Since its launch in 2001, Wikipedia has become the largest and most popular encyclopedia on the internet, containing over 40 million articles in over 250 languages. It’s a refuge for the habitual late-night scroller, a balm for the compulsive fact-checker and, as its motto suggests, a questionable resource for students: “The free encyclopedia that anyone can edit.” Two years ago, French programmer Owen Cornec released Wikiverse, a HTML, CSS, and WebGL-supported Chrome Experiment that made falling down a Wikipedia hole at three in the morning that much more experiential. In Wikiverse, you can explore Wikipedia in the form of a shifting, twinkling 3D solar system, with related articles clustered together like individual galaxies.
When Wikiverse launched it contained 50,000 articles. Now, with its most recent update, that number has expanded to 250,000. Similar subjects such as art, music, and politics, are now grouped together. Of the logic behind these groupings, Cornec told The Creator’s Project that, “In this universe, articles are threaded together through a physics based simulation. Millions of inter-page links, chosen by thousands of editors, pull and tug at each other to group stars together. These choices crystallize articles into clusters and domains, where proximity equates to related-ness.”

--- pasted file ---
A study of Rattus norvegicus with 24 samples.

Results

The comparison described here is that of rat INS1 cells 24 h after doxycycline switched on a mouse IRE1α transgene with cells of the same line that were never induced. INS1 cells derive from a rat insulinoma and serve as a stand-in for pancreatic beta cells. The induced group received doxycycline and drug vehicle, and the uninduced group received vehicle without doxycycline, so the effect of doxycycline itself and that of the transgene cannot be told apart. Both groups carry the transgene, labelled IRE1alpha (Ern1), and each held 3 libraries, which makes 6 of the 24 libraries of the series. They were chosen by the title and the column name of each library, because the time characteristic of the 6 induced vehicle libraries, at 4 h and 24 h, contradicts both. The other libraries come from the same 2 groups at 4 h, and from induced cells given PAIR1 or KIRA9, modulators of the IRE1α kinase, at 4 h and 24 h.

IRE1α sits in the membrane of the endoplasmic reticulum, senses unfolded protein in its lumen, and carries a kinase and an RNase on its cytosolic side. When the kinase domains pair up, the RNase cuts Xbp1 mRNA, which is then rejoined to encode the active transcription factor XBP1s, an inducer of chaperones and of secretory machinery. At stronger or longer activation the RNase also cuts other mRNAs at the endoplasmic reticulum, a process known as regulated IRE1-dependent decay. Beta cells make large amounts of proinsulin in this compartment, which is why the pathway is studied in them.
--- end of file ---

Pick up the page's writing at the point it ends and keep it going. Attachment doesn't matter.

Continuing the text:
Dense galaxies of closely connected concepts dominate Wikiverse. Clustered around the William Shakespeare star, for example, are articles on his plays, his birthplace Stratford-upon-Avon, and the Globe Theatre. Just as nearby, but much less expected, is a link to MTV’s romantic comedy series Faking It. And therein lies the true appeal of Wikiverse: discovering connections between places, people, and things you would never have thought to find on the same side of the virtual star system.
The political quadrant yields particularly fascinating results. The Creator’s Project points to Donald Trump’s orbit, which ranges from art deco to alcoholism, Dr. Seuss to Citizen Kane (1941), the Bible to conspiracy theories. Hillary Clinton’s, by comparison, is much more straight-laced: branching off from Clinton, like individual strands in a spider web, are links to political figures such as Bill Clinton and Barack Obama, as well as the Cabinet of the United States and the American Bar Association.
Boldly go on your own mission inside Wikiverse’s expansive universe here.